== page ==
There are a lot of people who would think I was crazy to look for signs from my son who killed himself. I don’t care. While we all have beliefs about what it’s like after we die, no one really knows even though they think they do. So I’m going to go all kumbaya on you all.
Last week, I woke up from a Charles dream, the details of which faded like an old photo as soon as I was fully conscious. I had not had a dream about him in a long time and I crave them because that’s when he is alive. As soon as my feet landed on the floor, I caught a familiar scent and started to walk around the room.
No, not in here.
I walk into the hallway where I had heard the dog rustling about. Since the COVID-19 pandemic started, getting the dog’s nails trimmed hasn’t been a top priority and you can hear those soft clicks across the floor when he moves around. Clickety clack, clickety clack as he trots across our room and into the hallway. He’s an old dog now and he had sounded more active than he has been of late. Just for a few seconds. It’s what roused me out of the fog of sleep.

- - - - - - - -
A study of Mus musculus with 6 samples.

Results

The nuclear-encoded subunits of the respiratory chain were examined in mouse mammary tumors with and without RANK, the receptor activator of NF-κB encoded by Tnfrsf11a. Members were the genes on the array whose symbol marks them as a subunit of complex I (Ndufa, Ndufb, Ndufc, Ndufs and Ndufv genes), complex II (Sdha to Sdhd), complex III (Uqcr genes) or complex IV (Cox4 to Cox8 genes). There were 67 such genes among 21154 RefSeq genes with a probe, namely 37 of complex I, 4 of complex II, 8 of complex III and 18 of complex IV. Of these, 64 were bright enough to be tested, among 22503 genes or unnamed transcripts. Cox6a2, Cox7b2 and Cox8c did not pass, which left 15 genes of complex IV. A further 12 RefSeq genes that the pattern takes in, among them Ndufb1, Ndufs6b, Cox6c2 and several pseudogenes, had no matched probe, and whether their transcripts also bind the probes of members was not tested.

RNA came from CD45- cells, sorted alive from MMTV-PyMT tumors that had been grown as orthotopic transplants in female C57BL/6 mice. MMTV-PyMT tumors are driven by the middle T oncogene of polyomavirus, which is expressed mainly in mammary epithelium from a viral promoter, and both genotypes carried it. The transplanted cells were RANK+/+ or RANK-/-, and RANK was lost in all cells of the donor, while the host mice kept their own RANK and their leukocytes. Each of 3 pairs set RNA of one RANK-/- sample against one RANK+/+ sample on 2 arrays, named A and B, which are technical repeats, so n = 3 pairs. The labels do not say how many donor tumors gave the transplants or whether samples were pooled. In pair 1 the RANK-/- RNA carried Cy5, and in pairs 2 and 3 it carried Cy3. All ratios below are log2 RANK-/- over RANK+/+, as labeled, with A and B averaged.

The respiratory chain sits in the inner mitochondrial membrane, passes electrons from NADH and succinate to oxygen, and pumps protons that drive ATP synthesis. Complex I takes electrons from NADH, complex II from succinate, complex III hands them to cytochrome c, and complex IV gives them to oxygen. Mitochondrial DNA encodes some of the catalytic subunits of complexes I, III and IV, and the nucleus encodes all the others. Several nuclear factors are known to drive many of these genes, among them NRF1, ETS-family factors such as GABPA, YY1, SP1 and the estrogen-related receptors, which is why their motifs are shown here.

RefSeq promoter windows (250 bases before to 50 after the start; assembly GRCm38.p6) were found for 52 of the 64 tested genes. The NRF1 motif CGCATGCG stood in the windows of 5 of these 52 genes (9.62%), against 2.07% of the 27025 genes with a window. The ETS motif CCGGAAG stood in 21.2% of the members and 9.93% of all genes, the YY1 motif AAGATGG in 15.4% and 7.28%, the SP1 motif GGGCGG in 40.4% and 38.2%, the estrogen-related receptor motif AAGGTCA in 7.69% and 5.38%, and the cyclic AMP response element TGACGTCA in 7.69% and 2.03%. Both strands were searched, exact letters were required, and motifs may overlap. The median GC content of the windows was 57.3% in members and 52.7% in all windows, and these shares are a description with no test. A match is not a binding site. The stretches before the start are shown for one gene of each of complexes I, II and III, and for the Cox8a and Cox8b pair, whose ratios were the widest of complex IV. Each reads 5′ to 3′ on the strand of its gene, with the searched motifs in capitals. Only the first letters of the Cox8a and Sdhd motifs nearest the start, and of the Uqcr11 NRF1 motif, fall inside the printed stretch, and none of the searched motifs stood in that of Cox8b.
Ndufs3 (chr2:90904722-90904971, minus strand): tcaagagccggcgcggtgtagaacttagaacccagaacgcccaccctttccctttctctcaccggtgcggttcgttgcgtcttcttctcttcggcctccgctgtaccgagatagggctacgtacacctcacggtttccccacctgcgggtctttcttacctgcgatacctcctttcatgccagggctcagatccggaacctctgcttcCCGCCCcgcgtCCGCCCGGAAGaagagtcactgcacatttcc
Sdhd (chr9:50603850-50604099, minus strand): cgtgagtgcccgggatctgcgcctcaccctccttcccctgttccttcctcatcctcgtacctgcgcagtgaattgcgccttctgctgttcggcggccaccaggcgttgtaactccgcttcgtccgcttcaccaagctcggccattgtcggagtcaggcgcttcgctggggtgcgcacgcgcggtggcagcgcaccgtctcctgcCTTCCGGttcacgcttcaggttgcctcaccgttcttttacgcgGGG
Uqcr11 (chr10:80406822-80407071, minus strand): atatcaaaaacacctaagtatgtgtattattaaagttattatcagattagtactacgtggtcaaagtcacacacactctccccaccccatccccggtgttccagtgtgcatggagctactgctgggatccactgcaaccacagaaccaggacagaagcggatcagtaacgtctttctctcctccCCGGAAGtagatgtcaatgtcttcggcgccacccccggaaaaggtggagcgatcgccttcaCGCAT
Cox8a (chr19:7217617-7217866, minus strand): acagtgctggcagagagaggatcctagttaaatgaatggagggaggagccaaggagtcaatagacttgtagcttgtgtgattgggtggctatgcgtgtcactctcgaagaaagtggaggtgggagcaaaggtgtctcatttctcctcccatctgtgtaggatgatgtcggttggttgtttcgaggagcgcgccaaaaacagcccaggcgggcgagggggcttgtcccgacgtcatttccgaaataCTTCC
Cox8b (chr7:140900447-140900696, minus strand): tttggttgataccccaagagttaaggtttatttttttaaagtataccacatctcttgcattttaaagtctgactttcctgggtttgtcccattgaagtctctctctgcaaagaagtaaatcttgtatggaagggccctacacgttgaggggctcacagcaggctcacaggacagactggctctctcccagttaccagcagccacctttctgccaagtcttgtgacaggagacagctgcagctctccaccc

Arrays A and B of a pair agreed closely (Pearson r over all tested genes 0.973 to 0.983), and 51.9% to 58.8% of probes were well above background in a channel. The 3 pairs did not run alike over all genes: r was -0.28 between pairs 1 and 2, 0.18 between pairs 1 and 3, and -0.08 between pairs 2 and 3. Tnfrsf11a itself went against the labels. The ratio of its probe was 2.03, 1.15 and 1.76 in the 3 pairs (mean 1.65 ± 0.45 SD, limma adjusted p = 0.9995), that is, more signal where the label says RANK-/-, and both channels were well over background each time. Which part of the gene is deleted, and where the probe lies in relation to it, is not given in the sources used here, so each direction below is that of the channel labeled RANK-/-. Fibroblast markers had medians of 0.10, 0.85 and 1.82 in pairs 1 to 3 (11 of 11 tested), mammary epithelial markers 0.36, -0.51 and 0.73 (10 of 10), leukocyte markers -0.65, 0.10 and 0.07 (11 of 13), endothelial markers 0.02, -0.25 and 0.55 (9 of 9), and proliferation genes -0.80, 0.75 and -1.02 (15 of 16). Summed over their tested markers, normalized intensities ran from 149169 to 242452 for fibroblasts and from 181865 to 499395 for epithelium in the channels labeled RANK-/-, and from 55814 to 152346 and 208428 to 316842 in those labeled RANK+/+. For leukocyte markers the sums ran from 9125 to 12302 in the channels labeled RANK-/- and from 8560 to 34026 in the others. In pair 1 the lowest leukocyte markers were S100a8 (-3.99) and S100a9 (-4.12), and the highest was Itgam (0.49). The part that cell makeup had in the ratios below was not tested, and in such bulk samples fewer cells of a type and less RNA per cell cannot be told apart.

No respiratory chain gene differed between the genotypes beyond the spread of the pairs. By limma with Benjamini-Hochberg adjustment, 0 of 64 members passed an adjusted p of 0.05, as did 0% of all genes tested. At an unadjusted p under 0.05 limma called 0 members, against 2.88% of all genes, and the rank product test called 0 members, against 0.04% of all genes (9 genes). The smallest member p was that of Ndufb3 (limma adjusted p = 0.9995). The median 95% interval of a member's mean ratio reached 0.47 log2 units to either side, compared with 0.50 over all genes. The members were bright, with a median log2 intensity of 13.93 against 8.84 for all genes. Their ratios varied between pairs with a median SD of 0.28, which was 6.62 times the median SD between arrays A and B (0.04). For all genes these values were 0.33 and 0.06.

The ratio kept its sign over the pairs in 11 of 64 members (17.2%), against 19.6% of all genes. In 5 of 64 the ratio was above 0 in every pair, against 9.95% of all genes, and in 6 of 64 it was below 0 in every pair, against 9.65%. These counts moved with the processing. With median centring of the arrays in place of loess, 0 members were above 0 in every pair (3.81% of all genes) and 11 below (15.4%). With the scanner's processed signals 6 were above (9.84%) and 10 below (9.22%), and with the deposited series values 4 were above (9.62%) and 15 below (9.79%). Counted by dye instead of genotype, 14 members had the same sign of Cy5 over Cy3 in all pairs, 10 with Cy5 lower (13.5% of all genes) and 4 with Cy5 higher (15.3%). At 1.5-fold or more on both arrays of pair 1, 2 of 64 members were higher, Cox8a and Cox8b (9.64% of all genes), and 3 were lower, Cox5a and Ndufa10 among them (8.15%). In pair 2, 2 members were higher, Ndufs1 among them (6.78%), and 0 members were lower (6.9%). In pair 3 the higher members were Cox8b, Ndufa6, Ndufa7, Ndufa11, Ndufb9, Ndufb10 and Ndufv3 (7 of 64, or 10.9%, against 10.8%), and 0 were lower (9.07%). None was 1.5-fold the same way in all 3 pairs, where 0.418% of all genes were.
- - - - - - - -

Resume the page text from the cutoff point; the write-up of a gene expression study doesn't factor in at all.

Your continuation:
As soon as I get to the top of the stairs right outside my bedroom door, fully awake by now, the scent shocks my nose and I murmur Charles’ name. I feel something but can’t explain what. That’s Charles’ scent. But this is no ordinary scent.
When Charles was alive, this scent would hang in the air in his room and was pungent only when he was in a depressive episode. Other times, it simply didn’t exist. I remember that my alert senses would perk up when I detected it but at the time, I didn’t associate it with a depressive episode until right before his suicide.
No one else could smell it which was frustrating. So after a while, I stopped asking others about it. It was very distinctive and I wrote a blog post about it years ago.
Even though it was a smell associated with a deep depressive episode, it made me smile. Had he been there in spirit? That’s what I’m going with.